The head of the nation’s largest electronic spy agency and the military’s cyberwarfare arm has directed the two organizations to coordinate actions to counter potential Russian interference in the 2018 midterm elections. The move, announced to staff at the National Security Agency last week by NSA Director Paul Nakasone, is an attempt to maximize the efforts of the two groups and comes as President Trump in Helsinki on Monday said Russian President Vladimir Putin was “extremely strong and powerful” in denying Russian involvement in the presidential election two years ago. It is the latest initiative by national security agencies to push back against Russian aggression in the absence of direct guidance from the White House on the issue.
“Nakasone, and the heads of the other three-letter agencies, are doing what they can in their own lanes, absent an overall approach directed by the president,” said Michael V. Hayden, who has headed the NSA and the CIA. “As good as it is, it’s not good enough. This is not a narrowly defined cyberthreat. This is one of the most significant strategic national security threats facing the United States since 9/11.”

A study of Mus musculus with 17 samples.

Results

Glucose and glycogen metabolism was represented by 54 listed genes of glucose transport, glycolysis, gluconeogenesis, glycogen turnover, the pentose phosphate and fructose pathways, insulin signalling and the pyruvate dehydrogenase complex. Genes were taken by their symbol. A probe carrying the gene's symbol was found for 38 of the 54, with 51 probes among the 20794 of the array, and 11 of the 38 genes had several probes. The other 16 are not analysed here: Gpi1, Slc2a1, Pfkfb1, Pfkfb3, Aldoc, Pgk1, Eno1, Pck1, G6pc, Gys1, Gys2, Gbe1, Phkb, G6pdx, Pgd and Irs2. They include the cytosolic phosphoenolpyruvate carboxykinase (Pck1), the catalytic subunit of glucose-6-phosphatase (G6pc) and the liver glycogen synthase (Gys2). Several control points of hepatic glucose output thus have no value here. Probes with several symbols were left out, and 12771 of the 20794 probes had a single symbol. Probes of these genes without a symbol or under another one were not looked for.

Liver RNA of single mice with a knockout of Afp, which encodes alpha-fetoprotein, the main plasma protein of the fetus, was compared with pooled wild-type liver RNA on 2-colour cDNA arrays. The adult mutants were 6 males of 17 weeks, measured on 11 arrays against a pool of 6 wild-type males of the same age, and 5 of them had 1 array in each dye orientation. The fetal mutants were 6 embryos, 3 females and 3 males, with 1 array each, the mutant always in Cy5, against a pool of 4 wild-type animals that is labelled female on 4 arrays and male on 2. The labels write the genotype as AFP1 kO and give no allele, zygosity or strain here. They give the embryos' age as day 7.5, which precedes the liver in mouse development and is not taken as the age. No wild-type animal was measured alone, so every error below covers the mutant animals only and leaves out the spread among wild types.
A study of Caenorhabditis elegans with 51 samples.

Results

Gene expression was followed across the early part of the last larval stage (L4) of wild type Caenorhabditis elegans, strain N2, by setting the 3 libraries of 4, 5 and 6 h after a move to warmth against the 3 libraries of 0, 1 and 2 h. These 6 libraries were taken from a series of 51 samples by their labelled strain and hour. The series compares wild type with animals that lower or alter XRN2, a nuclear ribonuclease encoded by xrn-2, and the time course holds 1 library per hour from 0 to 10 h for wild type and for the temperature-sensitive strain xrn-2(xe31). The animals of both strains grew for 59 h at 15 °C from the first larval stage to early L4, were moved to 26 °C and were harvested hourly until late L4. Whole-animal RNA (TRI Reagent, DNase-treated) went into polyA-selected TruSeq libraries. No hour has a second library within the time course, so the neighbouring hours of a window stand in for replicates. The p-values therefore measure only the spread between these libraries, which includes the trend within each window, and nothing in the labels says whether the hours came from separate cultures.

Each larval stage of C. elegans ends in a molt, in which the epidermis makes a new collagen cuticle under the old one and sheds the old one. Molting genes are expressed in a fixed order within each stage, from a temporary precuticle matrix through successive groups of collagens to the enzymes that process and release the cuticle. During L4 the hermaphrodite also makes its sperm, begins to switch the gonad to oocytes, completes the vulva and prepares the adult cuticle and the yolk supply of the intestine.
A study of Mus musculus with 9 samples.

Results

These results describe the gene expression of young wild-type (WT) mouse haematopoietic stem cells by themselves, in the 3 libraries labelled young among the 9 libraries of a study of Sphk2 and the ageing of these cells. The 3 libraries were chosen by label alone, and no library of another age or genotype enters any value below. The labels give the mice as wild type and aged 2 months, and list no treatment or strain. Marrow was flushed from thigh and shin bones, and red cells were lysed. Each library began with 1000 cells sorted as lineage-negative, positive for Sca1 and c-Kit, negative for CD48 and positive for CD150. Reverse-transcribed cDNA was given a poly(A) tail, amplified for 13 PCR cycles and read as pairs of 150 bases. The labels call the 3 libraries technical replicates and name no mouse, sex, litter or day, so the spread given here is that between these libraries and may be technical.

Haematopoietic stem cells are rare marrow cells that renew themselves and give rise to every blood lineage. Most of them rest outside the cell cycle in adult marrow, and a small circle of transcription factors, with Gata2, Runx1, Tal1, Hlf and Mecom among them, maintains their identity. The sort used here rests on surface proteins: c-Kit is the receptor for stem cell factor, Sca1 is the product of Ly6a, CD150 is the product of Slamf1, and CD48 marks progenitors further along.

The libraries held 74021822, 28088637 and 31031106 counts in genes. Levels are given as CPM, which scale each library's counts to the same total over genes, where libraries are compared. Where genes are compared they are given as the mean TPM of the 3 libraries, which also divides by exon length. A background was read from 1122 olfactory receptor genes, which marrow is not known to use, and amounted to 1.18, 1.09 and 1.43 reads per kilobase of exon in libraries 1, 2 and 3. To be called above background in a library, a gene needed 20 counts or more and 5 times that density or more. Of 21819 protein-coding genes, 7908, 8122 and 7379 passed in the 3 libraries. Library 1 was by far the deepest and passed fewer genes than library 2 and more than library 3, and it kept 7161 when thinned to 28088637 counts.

Nakasone, who became the chief of both NSA and U.S. Cyber Command in April, told Congress in his confirmation hearings earlier this year: “The most important thing is we want the [Russians’] behavior to change. . . . We want them to pay a price.” He added that one of the most disturbing facts is that the United States’ adversaries, including Russia, “don’t fear us.”
On Friday, the same day that special counsel Robert S. Mueller III announced the indictment of 12 Russian military intelligence officers for hacking Democrats’ emails, Director of National Intelligence Daniel Coats issued a new alert on Russia. “The warning lights are blinking red again,” he said, also likening them to the danger signs that presaged the Sept. 11, 2001, attacks.